Department of Teacher Education becomes Department of Teaching, Curriculum, and Educational Inquiry

New name better aligns with a mission to help students become critical thinkers and empowered changemakers

professor paula saine instructs students
TCE Professor Paula Saine instructs EHS students
Campus Announcements

Department of Teacher Education becomes Department of Teaching, Curriculum, and Educational Inquiry

TCE Professor Paula Saine instructs EHS students

In a move to encapsulate the full depth and breadth of its programs, the Department of Teacher Education (EDT) in Miami University’s College of Education, Health, and Society (EHS) has changed its name to the Department of Teaching, Curriculum, and Educational Inquiry (TCE). 

The new name will more holistically represent what the department has to offer.

“This name change honors all that the faculty in the department do alongside students,” said Brian Schultz, TCE Professor and Chair. “Not only are we developing teachers, we are guiding our students in co-creating curriculum in the hopes that they will do the same with their future students.” 

According to a memo delivered to the Board of Trustees, the new name reflects a departmental commitment to foster agency in teachers and educators beyond the classroom, to recognize teacher candidates as emerging professionals and curriculum-makers, and to spark and sustain a life-long intellectual curiosity in all educators.

Teaching and Curriculum aspects of the department’s programs will empower future educators to co-construct learning alongside students in ways that align with the needs of their communities. Educational Inquiry will help Miami students develop the knowledge and skills to navigate the educational landscape after graduation.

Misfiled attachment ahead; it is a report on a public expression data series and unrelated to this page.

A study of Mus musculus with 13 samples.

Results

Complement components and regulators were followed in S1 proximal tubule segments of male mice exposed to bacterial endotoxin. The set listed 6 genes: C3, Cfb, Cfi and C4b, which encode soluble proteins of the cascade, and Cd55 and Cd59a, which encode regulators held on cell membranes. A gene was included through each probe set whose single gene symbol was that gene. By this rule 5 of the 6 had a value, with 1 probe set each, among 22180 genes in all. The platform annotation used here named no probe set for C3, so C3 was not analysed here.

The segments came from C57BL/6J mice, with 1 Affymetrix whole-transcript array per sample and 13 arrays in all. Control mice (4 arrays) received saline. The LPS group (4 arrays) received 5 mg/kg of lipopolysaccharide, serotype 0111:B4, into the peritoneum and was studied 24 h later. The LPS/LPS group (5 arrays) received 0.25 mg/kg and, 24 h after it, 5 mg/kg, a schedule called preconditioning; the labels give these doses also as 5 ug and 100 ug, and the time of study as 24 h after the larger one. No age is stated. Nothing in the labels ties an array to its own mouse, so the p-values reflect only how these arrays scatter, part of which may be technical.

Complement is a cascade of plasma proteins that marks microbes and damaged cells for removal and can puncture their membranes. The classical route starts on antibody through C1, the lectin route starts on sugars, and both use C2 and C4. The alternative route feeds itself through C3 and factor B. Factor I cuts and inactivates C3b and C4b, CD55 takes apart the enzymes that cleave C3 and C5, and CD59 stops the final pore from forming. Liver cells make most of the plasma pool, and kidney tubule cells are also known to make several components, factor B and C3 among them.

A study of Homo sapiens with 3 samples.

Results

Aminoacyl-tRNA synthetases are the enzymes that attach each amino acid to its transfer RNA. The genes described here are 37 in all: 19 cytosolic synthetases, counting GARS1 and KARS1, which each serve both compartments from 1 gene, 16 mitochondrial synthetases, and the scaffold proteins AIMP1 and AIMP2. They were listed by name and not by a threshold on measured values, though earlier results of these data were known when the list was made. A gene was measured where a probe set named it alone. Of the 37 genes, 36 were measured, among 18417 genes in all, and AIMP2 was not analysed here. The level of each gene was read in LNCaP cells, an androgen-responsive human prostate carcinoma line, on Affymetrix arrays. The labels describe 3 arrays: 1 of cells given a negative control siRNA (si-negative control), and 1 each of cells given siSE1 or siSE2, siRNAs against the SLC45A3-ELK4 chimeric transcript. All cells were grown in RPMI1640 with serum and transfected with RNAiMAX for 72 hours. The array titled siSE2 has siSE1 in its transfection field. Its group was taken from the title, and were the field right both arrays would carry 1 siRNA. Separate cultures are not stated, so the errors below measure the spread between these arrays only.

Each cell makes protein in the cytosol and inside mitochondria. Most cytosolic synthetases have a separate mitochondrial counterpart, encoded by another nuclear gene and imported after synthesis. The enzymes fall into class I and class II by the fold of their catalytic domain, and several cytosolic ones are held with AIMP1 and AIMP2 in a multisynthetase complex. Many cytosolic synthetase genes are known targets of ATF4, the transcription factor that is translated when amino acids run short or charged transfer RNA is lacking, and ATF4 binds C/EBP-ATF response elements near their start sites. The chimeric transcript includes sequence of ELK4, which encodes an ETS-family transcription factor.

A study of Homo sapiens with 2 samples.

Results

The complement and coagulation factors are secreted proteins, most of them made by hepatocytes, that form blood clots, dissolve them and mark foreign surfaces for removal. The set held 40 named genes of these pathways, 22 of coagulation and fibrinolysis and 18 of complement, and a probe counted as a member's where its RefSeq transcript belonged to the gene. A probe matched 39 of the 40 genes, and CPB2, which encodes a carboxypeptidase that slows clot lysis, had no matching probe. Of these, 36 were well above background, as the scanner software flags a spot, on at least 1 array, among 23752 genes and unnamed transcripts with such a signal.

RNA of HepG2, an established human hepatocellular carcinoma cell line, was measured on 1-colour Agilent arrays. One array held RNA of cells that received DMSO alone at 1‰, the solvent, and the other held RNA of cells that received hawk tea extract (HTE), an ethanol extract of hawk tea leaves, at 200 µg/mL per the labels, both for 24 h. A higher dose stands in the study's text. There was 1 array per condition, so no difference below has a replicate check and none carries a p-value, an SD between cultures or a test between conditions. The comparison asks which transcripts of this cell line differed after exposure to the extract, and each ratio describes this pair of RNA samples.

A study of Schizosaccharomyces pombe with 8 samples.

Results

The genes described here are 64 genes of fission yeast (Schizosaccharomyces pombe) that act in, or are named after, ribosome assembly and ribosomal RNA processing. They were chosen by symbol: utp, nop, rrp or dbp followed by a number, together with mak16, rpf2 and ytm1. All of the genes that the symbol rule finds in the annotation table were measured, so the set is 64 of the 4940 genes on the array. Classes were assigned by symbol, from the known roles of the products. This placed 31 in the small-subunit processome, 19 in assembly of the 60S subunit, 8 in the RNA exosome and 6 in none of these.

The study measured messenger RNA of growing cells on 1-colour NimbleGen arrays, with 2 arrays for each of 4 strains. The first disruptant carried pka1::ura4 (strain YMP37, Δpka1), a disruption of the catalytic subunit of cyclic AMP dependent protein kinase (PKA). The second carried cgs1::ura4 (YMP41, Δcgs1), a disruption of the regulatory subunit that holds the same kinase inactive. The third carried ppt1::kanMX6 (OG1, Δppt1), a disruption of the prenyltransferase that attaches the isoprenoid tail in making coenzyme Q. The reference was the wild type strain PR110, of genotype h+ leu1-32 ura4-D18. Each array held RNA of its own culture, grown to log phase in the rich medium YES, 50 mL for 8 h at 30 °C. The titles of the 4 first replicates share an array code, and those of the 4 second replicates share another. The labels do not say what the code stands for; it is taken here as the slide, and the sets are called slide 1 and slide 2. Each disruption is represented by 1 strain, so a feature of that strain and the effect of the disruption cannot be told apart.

Inquiry will also further incorporate the informed knowledge needed to empower students to confront injustices and to apply global perspectives that are critical to a thriving democratic society. 

Several TCE faculty also shared insights regarding the significance of the name change:

“Teaching future teachers is more than just about instruction, content knowledge, and lesson plans,” said Ganiva Reyes, TCE Assistant Professor. “Teaching involves building relationships with students, families, and communities, learning how to engage students intellectually, and what it means to teach in a complex world. We also strive for our students to develop their own voice and agency to navigate the socio-political landscape in which schooling is embedded and advocate for themselves and their students to teach what is relevant and urgent. It is important for our department name to reflect these layers.”

“This name change reflects program development that has already been underway for several years,” said Racheal Banda Rothrock, TCE Assistant Professor. “I was excited to have the opportunity to participate with the department’s commitment for justice and equity through positioning students as capable professionals and agents of change. This new name will better encompass the important work that has already been put into our department’s evolution and will make space for future work we will engage in.”

“Names are saturated with meaning and a departmental name has particular significance,” said Tom Misco, TCE Professor of Social Studies Education. “It should embody and reflect who we are and this name change provides a much larger and comprehensive ‘denotative tent’ which cinches together who we are and what we do. The ultimate impact is congruence of meaning for future students, grantors, partners, and other stakeholders.”

“The name change will showcase how we strive for our students to become transformative educators, impacting not only their future students, but their schools, districts, profession, and, of course, society itself,” said Ann Haley MacKenzie, TCE Associate Professor of Science Education. “By being transformative educators, our society can become a more equitable, just place for ALL citizens to intelligently thrive.”

The name change will take effect on July 1, and it will continue to fuel the department’s mission to develop and infuse students’ critical understanding of the world into a wide range of curriculum, teaching, and programming.

According to EHS Dean Jason Lane, “This name change conveys a powerful message about the commitment of the faculty in the department to prepare engaged and thoughtful educators who are empowered to be changemakers in a range of educational settings through the advancement of teaching, development of curriculum, and fostering of education inquiry.”